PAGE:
It was with some trepidation that we waited for the Prime Minister's statement in the House of Commons this afternoon. Over the weekend, as the news from Algeria grew ever bleaker and the death toll from the attack on the In Amenas gas plant continued to rise, the tone of official pronouncements, including from David Cameron on Sunday, sounded alarmingly simplistic and shrill.
Not just the tone, but actual phrases, seemed eerily reminiscent of the former US President George Bush as he waged his "war on terror" and of our former Prime Minister, Tony Blair, as he warned with false certainty about the threat from Iraq. There was more than a hint of their dogmatic approach, of a view of the world in black and white, of a threat so great that it demanded immediate intervention. He made frequent references to extremism, Islamism and al-Qa'ida. It seemed but a small step to the position of Mr Blair and Gordon Brown that we had to fight the terrorists "over there" so that we would not have to confront them "over here".
Thankfully, it was a rather different David Cameron who delivered his statement. He expressed, quite rightly, a refusal to compromise with terrorists in general and those who had shown so little mercy towards their captives in the Sahara in particular. For the rest, though, there was a new and welcome appreciation of complexity, of the dilemma faced by the Algerian authorities and of the paramount need for a collaborative response.
Where, on Sunday, Mr Cameron seemed to glimpse a British African intervention force on stand-by to reclaim the desert, his emphasis yesterday was on "patience" as well as "resolve". He stressed the need for "a tough, but intelligent political response" and proposed discussions in the framework of the G8. He spoke of al-Qa'ida "franchises" and of a particular strand of jihadist Islam. Such distinctions are important.
So why the difference? Was the Prime Minister's first response dictated by the knowledge that the attack was not yet over and uncertainty about the scale of British casualties? Or perhaps by yesterday he and his ministers had had time to take advice from regional specialists of the sort that Mr Blair routinely spurned before going to war in Iraq. Or did time bring wiser counsel? Whatever the reason, we can only hope that yesterday's more considered and more collaborative David Cameron was the real one, and the one that will endure.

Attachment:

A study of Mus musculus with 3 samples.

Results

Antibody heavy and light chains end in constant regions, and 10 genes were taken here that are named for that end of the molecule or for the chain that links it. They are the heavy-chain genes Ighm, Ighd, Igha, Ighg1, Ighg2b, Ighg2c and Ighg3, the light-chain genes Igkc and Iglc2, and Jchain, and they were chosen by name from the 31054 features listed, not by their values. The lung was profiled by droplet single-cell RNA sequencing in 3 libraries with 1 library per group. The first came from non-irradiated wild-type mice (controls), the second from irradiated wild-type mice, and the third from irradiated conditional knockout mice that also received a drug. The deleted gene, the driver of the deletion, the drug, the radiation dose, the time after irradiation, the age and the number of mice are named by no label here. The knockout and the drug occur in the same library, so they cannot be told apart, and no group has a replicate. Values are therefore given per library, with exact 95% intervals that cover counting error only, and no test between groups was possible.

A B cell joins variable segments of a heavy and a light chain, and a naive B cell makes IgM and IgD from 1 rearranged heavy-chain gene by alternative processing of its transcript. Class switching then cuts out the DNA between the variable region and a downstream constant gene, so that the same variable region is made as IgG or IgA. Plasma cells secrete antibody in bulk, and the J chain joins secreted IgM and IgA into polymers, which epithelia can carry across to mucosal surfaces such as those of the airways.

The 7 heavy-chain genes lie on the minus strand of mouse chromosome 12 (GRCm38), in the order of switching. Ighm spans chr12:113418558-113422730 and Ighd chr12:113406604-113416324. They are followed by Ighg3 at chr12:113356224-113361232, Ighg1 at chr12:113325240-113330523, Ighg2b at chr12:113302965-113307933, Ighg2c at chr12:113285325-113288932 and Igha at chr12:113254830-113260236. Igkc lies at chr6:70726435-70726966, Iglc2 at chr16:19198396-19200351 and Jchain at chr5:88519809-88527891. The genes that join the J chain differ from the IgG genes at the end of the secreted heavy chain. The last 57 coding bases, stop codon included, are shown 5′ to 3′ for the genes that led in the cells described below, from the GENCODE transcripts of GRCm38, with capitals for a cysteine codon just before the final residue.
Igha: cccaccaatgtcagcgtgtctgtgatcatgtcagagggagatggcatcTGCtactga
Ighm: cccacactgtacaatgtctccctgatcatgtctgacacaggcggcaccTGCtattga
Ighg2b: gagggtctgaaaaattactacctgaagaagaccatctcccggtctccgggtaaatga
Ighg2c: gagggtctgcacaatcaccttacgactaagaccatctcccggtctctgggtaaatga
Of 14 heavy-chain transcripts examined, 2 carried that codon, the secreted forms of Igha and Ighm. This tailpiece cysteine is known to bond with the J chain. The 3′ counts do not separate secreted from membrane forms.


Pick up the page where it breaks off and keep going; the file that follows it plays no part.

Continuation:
It should really not be news that longstanding grievances divide populations in the Sahel region or that giant installations employing foreigners, such as the In Amenas gas plant, may be vulnerable not just to those driven by extremist ideology, but to bounty-hunters. That last week's attack seemed to surprise shows how far Francophone Africa has been treated by London as a French problem. Belatedly, too, it must be recognised that, along with new freedoms, the Arab Spring has brought regional unpredictability, at times chaos, in its wake. The violent toppling of Muammar Gaddafi in Libya was always likely to have, and could still have, consequences that reverberate beyond artificial, colonial-era, borders.
And if, as is now reported, there were Westerners among the In Amenas hostage-takers, then it is not just to the region's problems that we have to look, but to our own as well. We just hope that Mr Cameron continues to match his calls for "iron resolve" with an equal insistence on intelligence, politics and patience. In the fast-moving crises of today, these qualities too often go missing.